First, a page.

Learning from Latin America Through Post-Custodial Archiving
A post-custodial archiving project of LLILAS Benson Latin American Studies and Collections enters a new phase with the hiring of archivist Theresa Polk, who joined the LLILAS Benson staff in July. Polk holds an MLS from the University of Maryland with a specialization in archives and an M.Phil. in International Peace Studies from Trinity College, Dublin. She will serve as archivist for “Post-Custodial Archival Development and Digital Scholarship: Learning from Latin America,” a project funded by an 18-month planning grant from the Andrew W. Mellon Foundation. She is part of a team supported by the University of Texas Libraries (UTL) that will work with selected organizations in Latin America to digitize fragile historical archives in order to make them available for scholarly access worldwide.
LLILAS Benson has selected three Central American organizations as sites to begin the digitizing project. They are CIRMA (Centro de Investigaciones Regionales de Mesoamérica), Antigua, Guatemala; MUPI (El Museo de la Palabra y la Imagen), San Salvador, El Salvador; and CIDCA Historical Cultural Museum (Center for Research and Documentation on the Atlantic Coast), Bluefields, Nicaragua. In a concurrent aspect of the project, the team will identify three other archives in Latin America with which LLILAS Benson can develop similar post-custodial archiving arrangements.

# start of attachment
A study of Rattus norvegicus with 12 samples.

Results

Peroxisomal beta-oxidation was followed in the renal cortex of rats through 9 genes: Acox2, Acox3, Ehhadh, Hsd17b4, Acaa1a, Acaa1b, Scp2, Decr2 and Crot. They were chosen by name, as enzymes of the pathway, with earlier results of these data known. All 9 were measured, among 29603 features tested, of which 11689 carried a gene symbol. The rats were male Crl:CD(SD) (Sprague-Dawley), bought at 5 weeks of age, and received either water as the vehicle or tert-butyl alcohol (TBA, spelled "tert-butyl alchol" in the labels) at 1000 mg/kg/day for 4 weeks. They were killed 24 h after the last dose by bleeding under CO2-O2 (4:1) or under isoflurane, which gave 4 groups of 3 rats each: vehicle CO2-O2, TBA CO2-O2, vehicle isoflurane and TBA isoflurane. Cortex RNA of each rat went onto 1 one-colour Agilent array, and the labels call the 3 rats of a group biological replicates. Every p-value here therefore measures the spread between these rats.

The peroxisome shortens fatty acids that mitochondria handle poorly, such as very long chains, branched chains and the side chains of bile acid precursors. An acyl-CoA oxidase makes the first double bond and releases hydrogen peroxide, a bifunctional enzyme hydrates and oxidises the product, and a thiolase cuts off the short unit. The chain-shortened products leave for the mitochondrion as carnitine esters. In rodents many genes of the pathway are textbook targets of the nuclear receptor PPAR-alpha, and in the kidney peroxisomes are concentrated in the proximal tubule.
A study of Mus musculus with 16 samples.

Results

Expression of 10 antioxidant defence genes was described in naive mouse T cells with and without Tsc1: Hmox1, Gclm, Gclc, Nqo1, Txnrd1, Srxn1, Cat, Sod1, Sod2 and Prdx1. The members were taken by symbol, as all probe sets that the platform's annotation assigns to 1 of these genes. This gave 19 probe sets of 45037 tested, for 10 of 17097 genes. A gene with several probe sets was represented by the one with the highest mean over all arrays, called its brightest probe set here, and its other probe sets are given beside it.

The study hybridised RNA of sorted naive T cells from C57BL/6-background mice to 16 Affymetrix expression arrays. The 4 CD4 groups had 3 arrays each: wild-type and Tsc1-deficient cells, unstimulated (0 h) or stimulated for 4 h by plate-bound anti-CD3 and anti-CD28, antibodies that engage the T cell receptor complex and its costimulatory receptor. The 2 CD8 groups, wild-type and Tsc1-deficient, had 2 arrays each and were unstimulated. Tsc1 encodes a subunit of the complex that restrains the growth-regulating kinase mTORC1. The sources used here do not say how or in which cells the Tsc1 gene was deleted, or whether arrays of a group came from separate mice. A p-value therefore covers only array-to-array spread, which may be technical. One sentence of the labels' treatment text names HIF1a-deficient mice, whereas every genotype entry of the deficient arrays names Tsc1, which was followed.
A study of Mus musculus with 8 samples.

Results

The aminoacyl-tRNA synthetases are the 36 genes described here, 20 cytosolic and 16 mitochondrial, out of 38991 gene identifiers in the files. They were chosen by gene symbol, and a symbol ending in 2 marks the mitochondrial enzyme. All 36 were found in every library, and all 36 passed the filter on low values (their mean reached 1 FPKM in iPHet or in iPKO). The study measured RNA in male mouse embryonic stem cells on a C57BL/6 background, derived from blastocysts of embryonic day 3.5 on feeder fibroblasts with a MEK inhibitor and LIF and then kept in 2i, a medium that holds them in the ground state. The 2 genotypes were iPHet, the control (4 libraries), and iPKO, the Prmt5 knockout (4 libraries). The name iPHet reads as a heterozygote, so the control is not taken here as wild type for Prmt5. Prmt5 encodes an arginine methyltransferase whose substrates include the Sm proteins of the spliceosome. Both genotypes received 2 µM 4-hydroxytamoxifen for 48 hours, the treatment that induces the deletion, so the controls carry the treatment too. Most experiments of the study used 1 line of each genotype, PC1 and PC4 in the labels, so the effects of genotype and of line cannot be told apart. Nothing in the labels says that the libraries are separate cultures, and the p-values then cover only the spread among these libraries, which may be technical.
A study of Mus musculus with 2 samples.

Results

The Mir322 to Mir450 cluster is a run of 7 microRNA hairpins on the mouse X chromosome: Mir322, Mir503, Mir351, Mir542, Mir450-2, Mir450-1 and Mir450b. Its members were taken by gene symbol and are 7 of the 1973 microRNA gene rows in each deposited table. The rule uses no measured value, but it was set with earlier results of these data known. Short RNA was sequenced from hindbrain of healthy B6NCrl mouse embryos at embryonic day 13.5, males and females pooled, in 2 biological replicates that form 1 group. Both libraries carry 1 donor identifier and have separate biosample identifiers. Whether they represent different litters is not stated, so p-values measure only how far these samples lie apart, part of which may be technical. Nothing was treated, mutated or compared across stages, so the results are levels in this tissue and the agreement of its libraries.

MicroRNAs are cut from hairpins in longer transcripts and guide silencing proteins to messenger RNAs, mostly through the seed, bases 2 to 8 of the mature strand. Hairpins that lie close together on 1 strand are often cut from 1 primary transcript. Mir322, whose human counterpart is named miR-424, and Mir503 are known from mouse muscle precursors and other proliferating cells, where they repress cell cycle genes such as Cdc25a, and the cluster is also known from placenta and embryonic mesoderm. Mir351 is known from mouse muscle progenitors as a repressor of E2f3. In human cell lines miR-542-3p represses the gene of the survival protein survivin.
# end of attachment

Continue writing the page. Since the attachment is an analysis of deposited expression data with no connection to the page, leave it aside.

The principle behind the post-custodial theory of archives is “the idea that archivists will no longer physically acquire and maintain records, but that they will provide management oversight for records that will remain in the custody of the record creators” (Society of American Archivists, Glossary of Archival and Records Terminology). LLILAS Benson and UTL have undertaken previous collection development initiatives using the post-custodial model for digital acquisition. Some of these have emphasized human rights, such as the Human Rights Documentation Initiative (HRDI) and the Guatemalan National Police Historical Archive (AHPN). Another project, Primeros Libros de las Américas, is a broad international effort toward collaborative digitization and collection-building whose aim is to locate, digitize, and provide open access to all known works printed in the Americas prior to 1600.
Co–principal investigators for the LLILAS Benson project are Charles Hale, director of LLILAS Benson and chair for Western Hemispheric Trade Studies in the Department of Anthropology, and T-Kay Sangwand, human rights archivist for the University of Texas Libraries’ Human Rights Documentation Initiative (HRDI) and the Brazil Studies subject specialist for the Benson Latin American Collection.
Photo credit: Archivo Histórico de la Policía Nacional de Guatemala
Photo caption: Guatemalan National Police Historical Archive staff member prepares police records for archival processing and digitization.